Spend just a few moments in the centre of London, and you’ll become familiar with the sight of the iconic, Cab-Direct style black cab. They’re a part of the city’s global image, and it’s difficult to imagine the capital without them.
But London isn’t the only city in the world where people need to get from place to place in a hurry. And it isn’t the only city with a cab service that meets that demand. But in other parts of the world, taxicabs tend to take a radically different shape to the big black one to which Londoners are accustom.
New York Yellow
Of course, the New York cab is probably just as recognisable as the London one, thanks to the sheer volume of films and tv shows set in the city. The yellow style came to be at the turn of the twentieth century, so that would-be customers could spot them from afar.
If you head to a large Indian city, you’ll find that the most practical and affordable way to travel is in the back of a tiny little automated rickshaw, commonly called a ‘tuk-tuk’. You won’t be able to cram quite as much luggage (or people) into one of these things, but for the most authentic Delhi experience, they are are hard to beat.
This is another kind of Rickshaw, whose front end is actually that of a bicycle. This design has been around since the middle of last century, and has, almost everywhere, replaced the traditional human-powered rickshaw. You’ll find similarly-designed pedal-powered rickshaws in Mexico city and Paris – they’re environmentally friendly and lots of fun, too!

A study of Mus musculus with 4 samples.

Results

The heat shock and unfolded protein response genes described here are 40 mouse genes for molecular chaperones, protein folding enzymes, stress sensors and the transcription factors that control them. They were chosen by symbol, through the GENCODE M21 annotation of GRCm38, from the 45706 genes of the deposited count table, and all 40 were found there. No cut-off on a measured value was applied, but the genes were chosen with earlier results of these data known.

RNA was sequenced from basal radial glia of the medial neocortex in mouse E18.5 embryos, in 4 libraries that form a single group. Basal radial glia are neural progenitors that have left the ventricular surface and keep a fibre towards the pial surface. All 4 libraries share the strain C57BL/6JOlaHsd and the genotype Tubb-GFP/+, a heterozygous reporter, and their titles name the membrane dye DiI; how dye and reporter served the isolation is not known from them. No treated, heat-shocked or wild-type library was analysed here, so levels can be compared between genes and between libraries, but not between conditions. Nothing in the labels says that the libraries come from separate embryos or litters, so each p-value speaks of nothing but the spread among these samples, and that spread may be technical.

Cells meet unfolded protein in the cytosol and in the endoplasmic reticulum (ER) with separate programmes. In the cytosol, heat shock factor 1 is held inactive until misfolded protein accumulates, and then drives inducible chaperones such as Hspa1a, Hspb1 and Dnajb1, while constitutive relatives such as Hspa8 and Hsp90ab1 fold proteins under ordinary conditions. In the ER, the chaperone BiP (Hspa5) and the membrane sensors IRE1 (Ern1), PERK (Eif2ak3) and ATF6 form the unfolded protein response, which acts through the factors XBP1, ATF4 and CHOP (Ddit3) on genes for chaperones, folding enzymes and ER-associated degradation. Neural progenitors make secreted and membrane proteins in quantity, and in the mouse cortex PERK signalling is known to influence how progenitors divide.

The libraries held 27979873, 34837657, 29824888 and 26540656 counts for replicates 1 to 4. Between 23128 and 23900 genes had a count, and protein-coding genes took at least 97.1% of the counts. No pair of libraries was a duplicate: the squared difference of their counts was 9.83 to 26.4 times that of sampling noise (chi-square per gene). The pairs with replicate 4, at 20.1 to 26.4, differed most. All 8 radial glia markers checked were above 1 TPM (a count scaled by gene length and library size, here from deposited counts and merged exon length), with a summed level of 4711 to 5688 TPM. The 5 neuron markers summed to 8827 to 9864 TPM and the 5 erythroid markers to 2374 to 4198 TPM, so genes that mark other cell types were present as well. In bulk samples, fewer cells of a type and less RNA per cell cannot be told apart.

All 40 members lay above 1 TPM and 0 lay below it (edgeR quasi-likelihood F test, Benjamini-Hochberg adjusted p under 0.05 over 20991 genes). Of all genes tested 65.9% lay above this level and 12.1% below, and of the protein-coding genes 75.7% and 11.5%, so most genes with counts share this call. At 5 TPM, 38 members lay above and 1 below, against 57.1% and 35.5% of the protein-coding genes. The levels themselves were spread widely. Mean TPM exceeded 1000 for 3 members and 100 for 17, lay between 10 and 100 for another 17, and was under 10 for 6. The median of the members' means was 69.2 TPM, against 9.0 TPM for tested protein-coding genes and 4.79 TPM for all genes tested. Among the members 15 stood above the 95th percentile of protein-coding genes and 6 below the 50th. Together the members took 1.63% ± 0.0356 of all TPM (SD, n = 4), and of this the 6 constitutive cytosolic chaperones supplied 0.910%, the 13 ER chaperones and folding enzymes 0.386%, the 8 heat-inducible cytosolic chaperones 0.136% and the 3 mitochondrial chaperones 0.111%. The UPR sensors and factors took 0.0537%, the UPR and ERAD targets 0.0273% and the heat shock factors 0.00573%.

The taximeter was actually invented in Berlin, but these days it’s Munich that retains the most recognisable style of cream-white taxicab. Most of the city’s taxis come from high-end German manufacturers like Mercedes and Audi.
If your city is mostly water, like Venice, then it makes sense for the taxi service to come in boat form. Part of the gondola’s appeal is its leisurely pace – you’re not going to be going anywhere in a hurry. Gondolas take around two months to make, from a combination of half-a-dozen different woods. As such, they’re several times the price of most taxis.
In any city with a historical heritage to preserve, you’re likely to find horse-drawn carriages. In Vienna, these cabs, called Fiakers, have been around since the turn of the 18th century, and featured heavily in the operas of Johann and Richard Strauss. There’s no better way to see the cobbled streets of Vienna!